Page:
Motherhood hasn’t come naturally to Daisy Leverington. Three years in and she remains wide-eyed, terrified and in awe of the little person she’s responsible for. Stay tuned to follow her parenthood progress.
On arriving recently at a friend’s house, mascara hastily wiped off my cheeks, it wasn’t long before I’d transformed back into a functioning member of society over the course of four Viennese whirls.
A friend who knows to get the cakes in and ignore your snot-laden scarf is a keeper. She knew what I meant when I heaved out “code red” between sobs, and left the door on the latch accordingly. (Code red is “I’m about to pack my bags and head to sunny Mexico”, just in case you ever need a name for that feeling.)
I made a couple of these keeper friends while I was pregnant. It was at an aqua-natal group where we regularly flubbed our arses around the shallow end of the pool, looking not unlike those hippos swimming in a circle on the BBC ident. (“How did they get the hippos to do that?” asked my aunt.)
We struggled to get out of the pool, falling back in like exhausted penguins. The young lifeguard watched in horror as he made a mental note to buy more condoms. And double bag them.
The poor lad didn’t know where to look while the midwife leading the session screamed, “Pull up those pelvic floors ladies, imagine you’re hoovering up a lovely big cake with your vagina!”
Meanwhile we – treading water at the other end of the desire spectrum – knew exactly where to look.
Fuelled by pregnancy hormones (and safe in the knowledge we could pick up afternoon tea using only our Valeries whenever we fancied it), the student with the whistle around his neck had become a hulking Adonis.
There was a moment of pure gold in another session when a friend of mine yelled: “I’m sure I’ve slept with him!” above the expected racket of the pool, which at that moment had – unfortunately for her and hilariously for everyone else – been silenced in favour of group relaxation float.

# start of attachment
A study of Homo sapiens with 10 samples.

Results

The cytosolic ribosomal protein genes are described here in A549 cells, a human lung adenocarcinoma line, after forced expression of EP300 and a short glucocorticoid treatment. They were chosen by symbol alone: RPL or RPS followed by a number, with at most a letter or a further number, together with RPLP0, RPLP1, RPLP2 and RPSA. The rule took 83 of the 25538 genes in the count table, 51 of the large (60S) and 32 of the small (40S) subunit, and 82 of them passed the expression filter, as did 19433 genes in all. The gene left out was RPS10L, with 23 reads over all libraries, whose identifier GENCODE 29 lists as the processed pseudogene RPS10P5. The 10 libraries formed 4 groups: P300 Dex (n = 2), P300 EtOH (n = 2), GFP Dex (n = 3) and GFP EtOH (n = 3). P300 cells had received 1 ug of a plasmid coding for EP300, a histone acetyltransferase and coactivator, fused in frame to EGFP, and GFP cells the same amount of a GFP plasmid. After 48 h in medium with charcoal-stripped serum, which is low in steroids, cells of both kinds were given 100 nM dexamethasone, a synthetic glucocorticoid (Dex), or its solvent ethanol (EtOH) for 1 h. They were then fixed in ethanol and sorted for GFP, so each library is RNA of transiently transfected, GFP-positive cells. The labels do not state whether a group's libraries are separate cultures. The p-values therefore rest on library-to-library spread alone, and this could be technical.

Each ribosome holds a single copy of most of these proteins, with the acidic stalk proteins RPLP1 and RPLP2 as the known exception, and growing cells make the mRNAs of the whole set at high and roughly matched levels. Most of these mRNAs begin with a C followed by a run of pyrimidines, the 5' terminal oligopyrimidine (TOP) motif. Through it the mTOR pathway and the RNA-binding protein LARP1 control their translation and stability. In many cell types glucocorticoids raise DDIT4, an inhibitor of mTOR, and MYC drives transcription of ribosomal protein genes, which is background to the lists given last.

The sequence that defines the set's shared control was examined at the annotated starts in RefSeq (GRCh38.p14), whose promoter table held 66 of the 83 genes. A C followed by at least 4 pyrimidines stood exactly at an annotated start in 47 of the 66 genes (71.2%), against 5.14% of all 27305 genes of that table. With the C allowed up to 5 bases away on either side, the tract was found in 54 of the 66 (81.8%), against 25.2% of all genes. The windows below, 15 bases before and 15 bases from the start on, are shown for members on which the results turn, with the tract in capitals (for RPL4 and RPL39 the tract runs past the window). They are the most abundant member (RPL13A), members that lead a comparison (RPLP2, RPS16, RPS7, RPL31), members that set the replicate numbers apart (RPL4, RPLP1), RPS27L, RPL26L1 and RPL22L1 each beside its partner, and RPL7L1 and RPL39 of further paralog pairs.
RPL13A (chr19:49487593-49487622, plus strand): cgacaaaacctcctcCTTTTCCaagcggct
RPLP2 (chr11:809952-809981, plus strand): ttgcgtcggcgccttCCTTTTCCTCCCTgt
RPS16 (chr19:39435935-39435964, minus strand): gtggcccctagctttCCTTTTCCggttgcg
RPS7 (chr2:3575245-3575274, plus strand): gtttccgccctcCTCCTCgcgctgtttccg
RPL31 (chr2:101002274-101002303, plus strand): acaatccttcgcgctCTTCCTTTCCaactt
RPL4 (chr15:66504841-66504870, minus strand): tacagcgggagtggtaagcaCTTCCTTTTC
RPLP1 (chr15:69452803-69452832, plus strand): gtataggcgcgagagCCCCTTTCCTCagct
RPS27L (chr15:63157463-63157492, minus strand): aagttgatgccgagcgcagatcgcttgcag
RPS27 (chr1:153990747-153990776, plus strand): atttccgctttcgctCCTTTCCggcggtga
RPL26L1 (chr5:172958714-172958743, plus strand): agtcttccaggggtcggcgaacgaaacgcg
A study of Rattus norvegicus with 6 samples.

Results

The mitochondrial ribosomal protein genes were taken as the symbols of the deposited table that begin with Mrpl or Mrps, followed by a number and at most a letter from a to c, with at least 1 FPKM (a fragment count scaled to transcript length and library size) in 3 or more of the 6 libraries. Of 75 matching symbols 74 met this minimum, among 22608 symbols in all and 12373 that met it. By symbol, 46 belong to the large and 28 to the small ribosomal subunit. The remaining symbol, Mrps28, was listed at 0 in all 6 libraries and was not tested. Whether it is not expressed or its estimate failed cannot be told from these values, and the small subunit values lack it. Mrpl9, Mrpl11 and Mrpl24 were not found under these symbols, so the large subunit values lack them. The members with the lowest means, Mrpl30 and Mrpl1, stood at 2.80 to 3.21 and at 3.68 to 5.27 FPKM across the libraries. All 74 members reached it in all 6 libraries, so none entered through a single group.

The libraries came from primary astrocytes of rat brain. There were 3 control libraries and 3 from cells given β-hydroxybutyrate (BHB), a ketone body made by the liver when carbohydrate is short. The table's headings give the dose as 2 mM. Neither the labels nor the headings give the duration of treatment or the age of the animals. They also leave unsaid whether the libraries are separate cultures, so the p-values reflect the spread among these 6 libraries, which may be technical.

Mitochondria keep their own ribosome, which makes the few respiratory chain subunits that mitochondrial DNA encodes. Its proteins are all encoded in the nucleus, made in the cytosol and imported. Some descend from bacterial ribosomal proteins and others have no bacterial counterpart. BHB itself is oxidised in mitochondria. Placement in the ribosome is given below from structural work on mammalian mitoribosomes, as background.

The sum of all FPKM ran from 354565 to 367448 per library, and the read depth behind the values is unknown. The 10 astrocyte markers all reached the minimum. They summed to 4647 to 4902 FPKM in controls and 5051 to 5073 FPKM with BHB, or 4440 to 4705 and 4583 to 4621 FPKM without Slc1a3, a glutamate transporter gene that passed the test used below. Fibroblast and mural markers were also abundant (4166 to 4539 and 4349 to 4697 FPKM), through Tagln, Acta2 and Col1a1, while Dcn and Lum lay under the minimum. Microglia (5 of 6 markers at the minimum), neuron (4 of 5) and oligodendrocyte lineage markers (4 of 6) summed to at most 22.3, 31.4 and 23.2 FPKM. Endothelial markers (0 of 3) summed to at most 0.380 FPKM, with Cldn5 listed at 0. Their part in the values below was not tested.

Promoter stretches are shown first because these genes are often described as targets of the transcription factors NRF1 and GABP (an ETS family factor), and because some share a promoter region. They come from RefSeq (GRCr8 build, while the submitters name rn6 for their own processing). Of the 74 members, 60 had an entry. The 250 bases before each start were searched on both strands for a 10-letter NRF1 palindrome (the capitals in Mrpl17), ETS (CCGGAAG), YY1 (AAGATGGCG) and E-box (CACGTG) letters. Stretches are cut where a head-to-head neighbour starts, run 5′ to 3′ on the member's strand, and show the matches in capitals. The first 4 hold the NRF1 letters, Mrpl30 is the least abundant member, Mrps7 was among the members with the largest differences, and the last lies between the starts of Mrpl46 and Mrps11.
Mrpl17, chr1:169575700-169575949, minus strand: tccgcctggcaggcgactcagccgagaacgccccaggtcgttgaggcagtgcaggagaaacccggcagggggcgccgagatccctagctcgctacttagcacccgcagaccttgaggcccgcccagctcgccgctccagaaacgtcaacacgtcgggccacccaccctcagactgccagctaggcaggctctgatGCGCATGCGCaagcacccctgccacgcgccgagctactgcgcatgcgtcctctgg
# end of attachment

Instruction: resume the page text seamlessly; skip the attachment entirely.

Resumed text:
Friends were made over cake and bumps, coffee and tears, speculums and sweeps, and these friendships have since evolved into babysitting swaps and nights out while we try to rediscover our motherhood selves.
It was us who gave birth to The 4am Club, a secretive three-strong band of breastfeeding zombies who would be getting milked while everyone else slept.
None of us knew if we were doing the right thing, but we were doing the same thing, which was enough to warrant the club tag, and feel good about it.
During the few weeks just after our daughters were born when we simply couldn’t cope, The 4am Club would unite, boasting at least one member with shoulders absorbent enough to cope with the others’ tears.
I admit in those early days, there were definitely times when I wanted to give up, walk away from my new family and become someone new, someone who had made different decisions, someone who wasn’t leaking and bleeding and crying and failing in every way possible.
One afternoon after my Grandma’s funeral, my baby daughter and I went to a film premiere in London, which my husband had worked on. I was so exhausted and upset I stopped the car somewhere north of Watford and simply walked away. I left a hungry breastfed baby and a terrified husband in the car and hid under a bridge.
There were times when no one could help. But without those early friendships I’d never have returned from that bridge. In hindsight, they saved me and my confidence while I struggled to breastfeed and get my baby to sleep.
Our small band of swimming hippos are the reason I’m here at all. If I were in charge I’d prescribe every pregnant woman a group of women to talk to, swim with and text at 4am.
Sod the post-natal pelvic floor exercises, a good laugh with some great mates is all you’ll need. Oh, and hindsight is a bloody wonderful thing.
Read all of Daisy’s columns on motherhood here.1765 Views
Daisy Leverington - Actor, mother, expert at winging it.